In a semi-surprising bit of social news, Mark Zuckerberg and company have officially removed the requirement that users of its Messenger app sign up using their Facebook login credentials. At first glance, it seems like a small, relatively innocuous policy change, but if you take a minute to think about it, it just might be the most revolutionary and forward-thinking thing the company has ever done.
It might seem like a few years have gone by, but Messenger has only been officially decoupled from Facebook proper since last April. In the last year, Messenger has shown explosive growth — from 200 million to over 700 million monthly active users. Why change now? Why fix what clearly isn’t broken?
The answer is as simple as it is brilliant: Almost everyone who wants to use Facebook is already using it, so rather than take no for an answer, Facebook is going after the skeptics.
The cool kids
Every few months, we see a new report and a resulting smattering of articles with headlines like “Facebook ‘Not Hip’ Say Youngsters.” The latest study, done by Frank N. Magid Associates Inc., noted that only 88 percent of U.S. 13-to-17-year-olds use it, down from 95 percent just a few years ago. Where did they go? Certainly not to Twitter, where the numbers are even more dismal. They’re mostly using chat applications like Snapchat, Kik and (Facebook-owned) WhatsApp.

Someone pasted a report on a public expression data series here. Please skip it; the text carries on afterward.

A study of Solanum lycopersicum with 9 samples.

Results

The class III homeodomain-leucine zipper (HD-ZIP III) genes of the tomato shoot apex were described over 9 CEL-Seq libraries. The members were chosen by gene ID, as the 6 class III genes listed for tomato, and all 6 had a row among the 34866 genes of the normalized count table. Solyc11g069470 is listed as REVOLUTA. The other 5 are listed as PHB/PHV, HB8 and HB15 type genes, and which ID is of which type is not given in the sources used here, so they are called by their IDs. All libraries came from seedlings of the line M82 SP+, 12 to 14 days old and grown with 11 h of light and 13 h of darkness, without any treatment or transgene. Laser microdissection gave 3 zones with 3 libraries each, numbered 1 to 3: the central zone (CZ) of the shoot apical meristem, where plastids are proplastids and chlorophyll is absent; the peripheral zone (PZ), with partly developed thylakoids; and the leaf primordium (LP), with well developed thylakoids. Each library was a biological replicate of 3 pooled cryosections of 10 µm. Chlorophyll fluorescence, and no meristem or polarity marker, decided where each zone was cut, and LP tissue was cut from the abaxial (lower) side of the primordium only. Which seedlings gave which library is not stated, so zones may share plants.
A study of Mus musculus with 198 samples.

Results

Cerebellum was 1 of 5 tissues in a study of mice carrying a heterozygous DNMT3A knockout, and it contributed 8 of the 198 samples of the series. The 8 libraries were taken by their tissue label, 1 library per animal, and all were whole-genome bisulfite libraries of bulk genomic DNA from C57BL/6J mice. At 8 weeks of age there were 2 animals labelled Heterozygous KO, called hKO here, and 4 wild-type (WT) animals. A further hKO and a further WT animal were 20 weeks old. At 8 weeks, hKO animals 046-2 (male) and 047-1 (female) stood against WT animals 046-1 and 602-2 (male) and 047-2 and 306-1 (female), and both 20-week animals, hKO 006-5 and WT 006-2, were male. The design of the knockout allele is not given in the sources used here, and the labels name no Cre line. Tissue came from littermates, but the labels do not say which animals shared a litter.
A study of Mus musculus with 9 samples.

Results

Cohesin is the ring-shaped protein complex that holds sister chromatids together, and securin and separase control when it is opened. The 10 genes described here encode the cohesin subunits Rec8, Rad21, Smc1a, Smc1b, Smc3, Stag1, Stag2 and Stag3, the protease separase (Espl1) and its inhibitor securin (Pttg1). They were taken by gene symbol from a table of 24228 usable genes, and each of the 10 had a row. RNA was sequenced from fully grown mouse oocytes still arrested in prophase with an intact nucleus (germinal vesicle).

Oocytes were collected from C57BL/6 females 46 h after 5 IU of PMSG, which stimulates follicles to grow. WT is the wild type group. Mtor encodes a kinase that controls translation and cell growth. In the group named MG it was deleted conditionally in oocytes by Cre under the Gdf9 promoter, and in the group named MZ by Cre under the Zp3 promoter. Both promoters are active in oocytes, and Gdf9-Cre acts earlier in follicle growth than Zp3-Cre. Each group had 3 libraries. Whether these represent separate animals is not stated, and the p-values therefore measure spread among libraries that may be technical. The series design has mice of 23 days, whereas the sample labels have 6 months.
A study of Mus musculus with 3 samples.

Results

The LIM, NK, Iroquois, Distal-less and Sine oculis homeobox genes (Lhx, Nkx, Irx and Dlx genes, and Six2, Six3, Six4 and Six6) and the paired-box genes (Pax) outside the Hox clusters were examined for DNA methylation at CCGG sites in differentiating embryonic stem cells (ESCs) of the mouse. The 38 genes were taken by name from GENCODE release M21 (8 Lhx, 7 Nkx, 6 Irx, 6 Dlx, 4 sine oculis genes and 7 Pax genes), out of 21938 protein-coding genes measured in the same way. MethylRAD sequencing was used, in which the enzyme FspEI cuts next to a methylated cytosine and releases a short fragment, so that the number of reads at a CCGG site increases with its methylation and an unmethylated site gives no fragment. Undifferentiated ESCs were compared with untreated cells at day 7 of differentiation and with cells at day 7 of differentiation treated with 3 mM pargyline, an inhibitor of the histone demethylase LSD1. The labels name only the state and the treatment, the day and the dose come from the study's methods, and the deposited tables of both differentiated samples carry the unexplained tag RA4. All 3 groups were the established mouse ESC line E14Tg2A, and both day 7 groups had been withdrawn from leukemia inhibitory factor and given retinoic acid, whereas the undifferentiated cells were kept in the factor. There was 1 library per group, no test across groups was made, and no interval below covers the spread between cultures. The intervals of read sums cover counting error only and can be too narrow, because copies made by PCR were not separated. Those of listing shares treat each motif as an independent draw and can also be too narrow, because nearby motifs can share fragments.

If 88 percent of your friends are using Facebook (and Messenger) anyway, removing the need to maintain an actual Facebook presence might be just the thing to get you to stop using four different messaging apps at once.
The privacy people
Since the very moment it became the dominant social network, there has been a small but devoted group of people who have refused all of Facebook’s advances. Under the pretext of privacy concerns, these are the people who take to Twitter to lambast the company for the most minor of TOS changes, the people who championed Ello for a little too long, the people who posted a copyright notice to their Instagram accounts before abandoning the service entirely.
Taking away the need for all that personally identifiable info might counter all those privacy objections, especially once all of your other friends have given up the fight.
It’s sometimes hard to believe, but there are places in the world where Facebook has never really gotten a foothold. Some markets have homegrown alternatives (VK, Sina Weibo, etc.) while others still rely on the aging SMS protocol for real-time communication. For international users with limited service plans, texting can quickly become prohibitively expensive.
A free service that allows you to communicate with anyone, virtually anywhere in the world, is a fantastic introduction to Facebook for people who haven’t yet had the opportunity to use it.
Carmen Sutter is a product manager for Adobe Social, focusing on data collection and campaigns. In her role, Sutter is responsible for the social-monitoring functionality as well as the integration of Adobe Analytics and Adobe Social. She is a board member of the Big Boulder Initiative, the world’s first social-data-focused industry association. Prior to joining Adobe, she led the digital analytics teams at Warner Music Group and Scholastic in New York City. Reach her @c_sutter.
This article originally appeared on Recode.net.